The shuttered Macy’s store at the former Westside Pavilion shopping center in West Los Angeles will be transformed into offices as part of a massive makeover by two separate developers working to turn the failed mall into a high-end haven for tenants in creative fields such as technology and entertainment.
Los Angeles developer GPI Cos. acquired the department store building in a separate transaction from one that enabled landlord Hudson Pacific Properties to redevelop the rest of the old mall. Hudson Pacific signed a lease with tech giant Google in January to be its sole office tenant in the complex.
GPI Cos., meanwhile, has renamed the former Macy’s building West End and will substantially alter the midcentury-style structure in a $180-million redevelopment.
While owners of shuttered shopping malls in many parts of the country have struggled to find new uses for them, the failure of the Westside Pavilion offered an opportunity to create new office space in one of the tightest office markets in the West, said Drew Planting, co-founder of GPI. Few large blocks of space are available on the Westside, and rents there are among the highest in Los Angeles County.
Indoor malls can be good candidates for conversion to “creative” offices in part because they typically have large floor spaces, ample parking and high ceilings that many interior design-conscious tenants find desirable.
The Westside Pavilion had a parking structure for approximately 1,500 cars, but it is obsolete and hard to navigate, Planting said. The old structure will be demolished in phases and replaced with a 1,000-car garage that will serve both West End and a portion of Google’s space in the redeveloped mall, which Hudson Pacific has renamed One Westside. The mall developer and GPI have agreed to share parking in the new garage.
Work already underway will turn West End into a 230,000-square-foot office complex set for completion in the first quarter of 2021. The three-story building will be cut from a rectangle into an “H” shape in order to introduce more natural light and create corner spaces for ground-floor restaurants, bars and stores.
The design by architecture firm HLW calls for floor-to-ceiling glass windows wrapping the exterior facades, a three-level central courtyard, private balconies and indoor and outdoor gathering spaces. The intent is to create the kind of flexible work environment “in such high demand by today’s leading creative and financial companies,” said Sejal Sonani, design principal at HLW.
Planting said he hopes surviving design elements from the 1960s — such as concrete slab ceilings that look like giant waffles, mansard roof and exterior arches resembling hockey sticks — will help give West End a funk factor that can’t be found in generic office buildings.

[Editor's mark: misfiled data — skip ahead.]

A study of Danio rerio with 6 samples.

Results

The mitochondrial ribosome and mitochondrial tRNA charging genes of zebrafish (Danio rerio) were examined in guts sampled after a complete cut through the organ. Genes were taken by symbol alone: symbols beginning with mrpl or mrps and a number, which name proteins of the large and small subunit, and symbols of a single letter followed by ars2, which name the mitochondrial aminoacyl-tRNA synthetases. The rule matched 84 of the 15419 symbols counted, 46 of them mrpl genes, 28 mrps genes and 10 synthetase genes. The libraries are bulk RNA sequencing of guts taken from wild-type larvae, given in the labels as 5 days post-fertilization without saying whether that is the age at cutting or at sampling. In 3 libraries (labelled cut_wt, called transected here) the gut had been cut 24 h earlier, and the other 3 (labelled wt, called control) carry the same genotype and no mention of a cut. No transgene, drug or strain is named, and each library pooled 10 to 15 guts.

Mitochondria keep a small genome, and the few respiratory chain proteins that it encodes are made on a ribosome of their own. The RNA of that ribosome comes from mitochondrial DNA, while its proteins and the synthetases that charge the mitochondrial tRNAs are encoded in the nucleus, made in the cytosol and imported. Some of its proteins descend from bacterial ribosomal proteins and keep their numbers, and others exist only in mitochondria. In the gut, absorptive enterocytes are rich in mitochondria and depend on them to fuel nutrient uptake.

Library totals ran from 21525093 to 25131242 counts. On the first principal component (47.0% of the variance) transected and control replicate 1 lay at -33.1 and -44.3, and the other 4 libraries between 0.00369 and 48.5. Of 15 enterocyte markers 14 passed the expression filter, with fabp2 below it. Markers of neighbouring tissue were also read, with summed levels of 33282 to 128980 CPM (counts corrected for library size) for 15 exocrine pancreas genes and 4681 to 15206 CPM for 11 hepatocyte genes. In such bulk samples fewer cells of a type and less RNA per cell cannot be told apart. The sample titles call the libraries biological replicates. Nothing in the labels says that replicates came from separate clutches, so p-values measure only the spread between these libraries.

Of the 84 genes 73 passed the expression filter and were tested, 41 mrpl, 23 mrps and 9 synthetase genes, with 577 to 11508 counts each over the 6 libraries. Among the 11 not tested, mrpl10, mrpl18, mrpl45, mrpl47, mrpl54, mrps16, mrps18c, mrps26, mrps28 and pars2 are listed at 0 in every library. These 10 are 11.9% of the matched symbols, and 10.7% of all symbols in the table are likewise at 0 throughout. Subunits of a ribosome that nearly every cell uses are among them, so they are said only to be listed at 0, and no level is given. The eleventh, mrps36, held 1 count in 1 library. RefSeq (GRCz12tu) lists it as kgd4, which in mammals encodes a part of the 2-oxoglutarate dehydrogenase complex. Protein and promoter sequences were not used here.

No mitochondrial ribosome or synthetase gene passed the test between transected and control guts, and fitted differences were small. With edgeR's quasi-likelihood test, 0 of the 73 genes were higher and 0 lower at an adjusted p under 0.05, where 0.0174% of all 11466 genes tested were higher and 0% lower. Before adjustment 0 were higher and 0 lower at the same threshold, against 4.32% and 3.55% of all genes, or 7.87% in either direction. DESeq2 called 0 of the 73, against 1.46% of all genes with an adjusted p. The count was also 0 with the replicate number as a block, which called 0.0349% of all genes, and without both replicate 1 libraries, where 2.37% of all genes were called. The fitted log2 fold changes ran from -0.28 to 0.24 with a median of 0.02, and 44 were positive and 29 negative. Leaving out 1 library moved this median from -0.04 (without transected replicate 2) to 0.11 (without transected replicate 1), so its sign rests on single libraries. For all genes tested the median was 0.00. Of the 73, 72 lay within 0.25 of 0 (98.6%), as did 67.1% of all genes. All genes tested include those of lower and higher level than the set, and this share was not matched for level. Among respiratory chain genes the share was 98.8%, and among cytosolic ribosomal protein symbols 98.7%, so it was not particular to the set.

“There is a big gap between what is cool and what is a commodity in the rent that can be charged,” Planting said.
The former department store was built by May Co. in 1964 at Pico Boulevard and Overland Avenue to be one of its larger full-line stores. The Westside Pavilion incorporated the older May Co. store when it was built in the mid-1980s, replacing a strip mall called Westland Shopping Center.
May Co. was acquired by Macy’s in 2005 when it bought Federated Department Stores, May Co.'s parent company.
GPI bought the building and garage on 6 acres from Macy’s for $50 million in 2017.
Hudson Pacific and its partner Macerich also own a 6-acre portion of the former Westside Pavilion but control more future office space. Mountain View-based Google has agreed to occupy 584,000 square feet by 2022 in space designed by architecture firm Gensler.
The two developments at the old mall will be complementary, said Lee Wagman, a managing partner at GPI.
“It’s helpful that Google is next door with a well-designed project,” Wagman said. “Hudson and Gensler will do a great job.”
The 12-screen Landmark Theatres complex will remain in the reconfigured complex, as will the Westside Tavern restaurant and other shops mostly on the ground floor along Pico and Westwood boulevards.
The Westside Pavilion was once one of the city’s premier shopping venues and a cultural touchstone for generations of Angelenos, appearing in movies, television shows and music videos. It played roles in the 1995 film “Clueless” and the video for musician Tom Petty’s 1989 hit “Free Fallin’.”
In recent years the mall, now mostly empty, fell behind flashier competitors such as the Grove and the refurbished Westfield Century City malls. The rise of online shopping also took a toll, and anchor department stores Macy’s and Nordstrom departed.
Its future as an office complex is brighter, said real estate broker Carl Muhlstein of JLL, who represents West End for GPI. Demand for Westside offices has held steady since the last recession and big media companies including Google, Amazon and Apple have grabbed big blocks of space with a level of aggression not seen in the previous real estate cycle.
Those companies and other big media players including Netflix have been tying up new Los Angeles office space before it is finished and before they actually need it, Muhlstein said.
“The demand now is from the larger-size tenants because they are not only expanding but doing forward commitments,” he said. Interest in occupying West End has come from media, tech, esports and financial services firms.